It feels good to be back! Now, fresh off the inaugural AAPA18 iScan ultrasound event, its only right that my next post is on two of my favorite things- POCUS and infectious disease.
This is a review of 73 patients presenting to an emergency hand clinic (!) over the course of 3.25 years with a pyogenic flexor tenosynovitis. Yep, a whole 22 patients a year… at an emergency hand clinic.
All patients underwent a resident and attending surgeon eval as well as labs including CRP and films. 16 confirmed pyogenic flexor tenosynovitis patients were excluded (these were the slam dunk obvious ones)- while the remaining 57 underwent POCUS while pending labs. POCUS was done by either a resident with 2 years experience in MSK sono, an attending surgeon with sono training, or senior radiologist. Suffice to say, that this isnt exactly us work-a-day EM providers.
Of the remaining 57 patients, there were 29 were ultrasound negative (non-thickened tendon sheath without hyperemia and no peritendonous effusion); all were given PO antibiotics and discharged with every other day follow up until symptom resolution; only one required OR intervention.
Of the 27 patients with positive ultrasound findings- 17 of these had either a positive OR culture or significant purulence seen at the time of OR washout. While this results in a decreased PPV of 63%, and a decreased specificity of 74% – I maintain POCUS is actually much better; keep in mind these numbers do not include the 16 slam dunks on clinical exam. It doesnt take into account the rapid sterilization after a single dose of antibiotics seen in CSF and ascites; nor the 30% negative OR-culture rate seen in other pyogenic flexor tenosynovitis studies. Nor does it take into account that POCUS approaches MRI for sensitivity and specificity in prior studies.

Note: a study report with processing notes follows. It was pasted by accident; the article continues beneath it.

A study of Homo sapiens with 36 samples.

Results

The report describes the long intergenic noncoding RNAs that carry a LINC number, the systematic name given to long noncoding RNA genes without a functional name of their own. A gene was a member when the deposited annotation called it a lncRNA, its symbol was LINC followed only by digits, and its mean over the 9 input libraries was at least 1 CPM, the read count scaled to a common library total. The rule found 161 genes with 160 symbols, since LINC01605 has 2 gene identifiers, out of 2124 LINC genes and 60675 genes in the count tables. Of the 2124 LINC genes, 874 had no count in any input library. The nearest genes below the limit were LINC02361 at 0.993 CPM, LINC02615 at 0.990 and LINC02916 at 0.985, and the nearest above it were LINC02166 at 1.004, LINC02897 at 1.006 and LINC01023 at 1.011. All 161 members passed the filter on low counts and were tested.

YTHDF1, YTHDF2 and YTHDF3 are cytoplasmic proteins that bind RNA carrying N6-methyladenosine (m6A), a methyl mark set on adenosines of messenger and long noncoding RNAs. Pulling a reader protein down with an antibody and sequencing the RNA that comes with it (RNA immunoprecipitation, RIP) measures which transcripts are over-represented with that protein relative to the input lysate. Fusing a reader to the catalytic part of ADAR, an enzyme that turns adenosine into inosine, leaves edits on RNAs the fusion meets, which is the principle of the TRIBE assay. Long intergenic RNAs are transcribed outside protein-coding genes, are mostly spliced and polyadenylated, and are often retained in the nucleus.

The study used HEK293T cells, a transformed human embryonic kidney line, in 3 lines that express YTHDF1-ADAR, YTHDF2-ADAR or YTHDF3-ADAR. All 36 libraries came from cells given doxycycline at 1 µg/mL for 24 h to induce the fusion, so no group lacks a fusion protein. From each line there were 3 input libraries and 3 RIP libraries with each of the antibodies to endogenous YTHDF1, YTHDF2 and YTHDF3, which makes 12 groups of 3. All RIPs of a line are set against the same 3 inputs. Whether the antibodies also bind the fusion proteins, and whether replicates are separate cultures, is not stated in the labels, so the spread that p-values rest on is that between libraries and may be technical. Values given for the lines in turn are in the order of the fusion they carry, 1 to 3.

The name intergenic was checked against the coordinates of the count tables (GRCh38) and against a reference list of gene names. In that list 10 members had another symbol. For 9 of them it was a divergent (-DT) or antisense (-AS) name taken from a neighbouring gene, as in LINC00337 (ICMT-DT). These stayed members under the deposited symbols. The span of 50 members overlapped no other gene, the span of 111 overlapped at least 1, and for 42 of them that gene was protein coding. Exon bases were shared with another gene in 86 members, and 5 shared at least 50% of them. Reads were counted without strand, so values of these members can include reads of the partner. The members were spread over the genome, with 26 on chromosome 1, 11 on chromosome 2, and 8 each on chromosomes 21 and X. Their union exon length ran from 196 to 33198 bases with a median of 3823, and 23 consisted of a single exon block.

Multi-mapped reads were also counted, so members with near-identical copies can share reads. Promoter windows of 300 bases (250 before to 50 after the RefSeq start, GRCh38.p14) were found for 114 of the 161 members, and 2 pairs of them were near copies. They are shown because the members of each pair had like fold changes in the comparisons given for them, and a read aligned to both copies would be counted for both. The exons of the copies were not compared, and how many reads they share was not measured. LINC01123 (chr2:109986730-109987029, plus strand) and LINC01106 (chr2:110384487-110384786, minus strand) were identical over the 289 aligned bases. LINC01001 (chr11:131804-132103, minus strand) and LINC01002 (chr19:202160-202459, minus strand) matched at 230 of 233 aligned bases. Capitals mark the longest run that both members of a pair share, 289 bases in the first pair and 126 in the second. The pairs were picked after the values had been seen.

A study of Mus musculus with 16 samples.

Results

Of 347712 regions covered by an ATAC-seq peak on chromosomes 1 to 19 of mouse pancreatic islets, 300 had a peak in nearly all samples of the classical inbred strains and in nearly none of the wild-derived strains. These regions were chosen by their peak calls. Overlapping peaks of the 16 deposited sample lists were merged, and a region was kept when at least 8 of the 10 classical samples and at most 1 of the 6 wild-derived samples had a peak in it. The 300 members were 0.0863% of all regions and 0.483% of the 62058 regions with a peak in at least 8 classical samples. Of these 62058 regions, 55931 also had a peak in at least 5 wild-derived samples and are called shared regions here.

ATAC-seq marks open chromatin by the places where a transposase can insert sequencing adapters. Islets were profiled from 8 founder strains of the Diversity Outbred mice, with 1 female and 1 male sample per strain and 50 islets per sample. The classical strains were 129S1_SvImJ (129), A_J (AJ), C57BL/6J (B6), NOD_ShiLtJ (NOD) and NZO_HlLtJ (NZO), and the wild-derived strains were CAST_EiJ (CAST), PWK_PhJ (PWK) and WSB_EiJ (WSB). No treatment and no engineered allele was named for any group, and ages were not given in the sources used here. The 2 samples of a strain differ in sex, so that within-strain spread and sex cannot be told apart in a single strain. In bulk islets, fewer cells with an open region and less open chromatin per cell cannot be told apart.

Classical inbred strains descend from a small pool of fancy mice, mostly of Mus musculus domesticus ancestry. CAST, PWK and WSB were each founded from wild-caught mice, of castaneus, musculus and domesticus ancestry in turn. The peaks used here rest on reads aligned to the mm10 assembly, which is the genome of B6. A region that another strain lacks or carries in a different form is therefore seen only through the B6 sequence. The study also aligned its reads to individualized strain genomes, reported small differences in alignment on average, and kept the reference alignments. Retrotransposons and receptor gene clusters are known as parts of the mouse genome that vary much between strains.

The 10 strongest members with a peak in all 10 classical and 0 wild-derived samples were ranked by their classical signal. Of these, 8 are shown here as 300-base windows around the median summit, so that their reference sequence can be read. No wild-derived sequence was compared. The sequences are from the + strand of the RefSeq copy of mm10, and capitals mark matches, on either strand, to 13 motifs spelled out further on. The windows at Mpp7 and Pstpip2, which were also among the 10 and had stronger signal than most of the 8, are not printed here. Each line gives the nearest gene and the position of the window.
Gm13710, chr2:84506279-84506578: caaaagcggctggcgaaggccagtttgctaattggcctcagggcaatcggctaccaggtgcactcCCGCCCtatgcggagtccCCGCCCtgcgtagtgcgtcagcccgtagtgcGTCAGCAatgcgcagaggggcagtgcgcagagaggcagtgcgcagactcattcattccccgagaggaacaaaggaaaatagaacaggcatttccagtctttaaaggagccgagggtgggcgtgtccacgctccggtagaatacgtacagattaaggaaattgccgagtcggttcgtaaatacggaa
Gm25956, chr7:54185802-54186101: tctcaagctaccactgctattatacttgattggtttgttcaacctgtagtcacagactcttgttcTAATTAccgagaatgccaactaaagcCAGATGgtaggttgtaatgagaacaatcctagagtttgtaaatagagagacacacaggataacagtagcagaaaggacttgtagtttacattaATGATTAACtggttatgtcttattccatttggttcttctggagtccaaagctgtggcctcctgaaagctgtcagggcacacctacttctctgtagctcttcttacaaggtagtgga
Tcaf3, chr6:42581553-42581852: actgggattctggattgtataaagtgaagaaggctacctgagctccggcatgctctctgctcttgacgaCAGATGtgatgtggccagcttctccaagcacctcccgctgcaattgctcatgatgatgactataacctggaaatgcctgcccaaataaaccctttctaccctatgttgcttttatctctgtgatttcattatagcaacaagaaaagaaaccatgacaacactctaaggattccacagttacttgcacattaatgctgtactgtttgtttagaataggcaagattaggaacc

Ultimately, it would be fantastic (and likely better medicine!) if, stateside, we could adopt an ultrasound first strategy (especially with a 97% NPV and 94% sensitivity!). If POCUS negative, patients could get expedited follow up and oral antibiotics. This is pretty much exactly what this group has done. Presumably with this strategy, a small fraction of these more ugly “slam dunk” tenosynovitis cases may not require the OR (the group did not comment on positive OR-culture rates), and the patients in the middle ground could get expedited follow up or overnight observation and serial sonography. It should be noted that “delayed” diagnoses which resulted in poor outcomes were >10 days out from the initiation of symptoms (!); so a day or two may not make much of a difference. This study comes with the usual caveats- there are few MSK ultrasound courses in the USA (I contacted the Jefferson MSK fellowship, no dice for hand sonography!), different equipment than our usual sonosite machines, more training. But that certainly does not mean we can not have something to aspire to.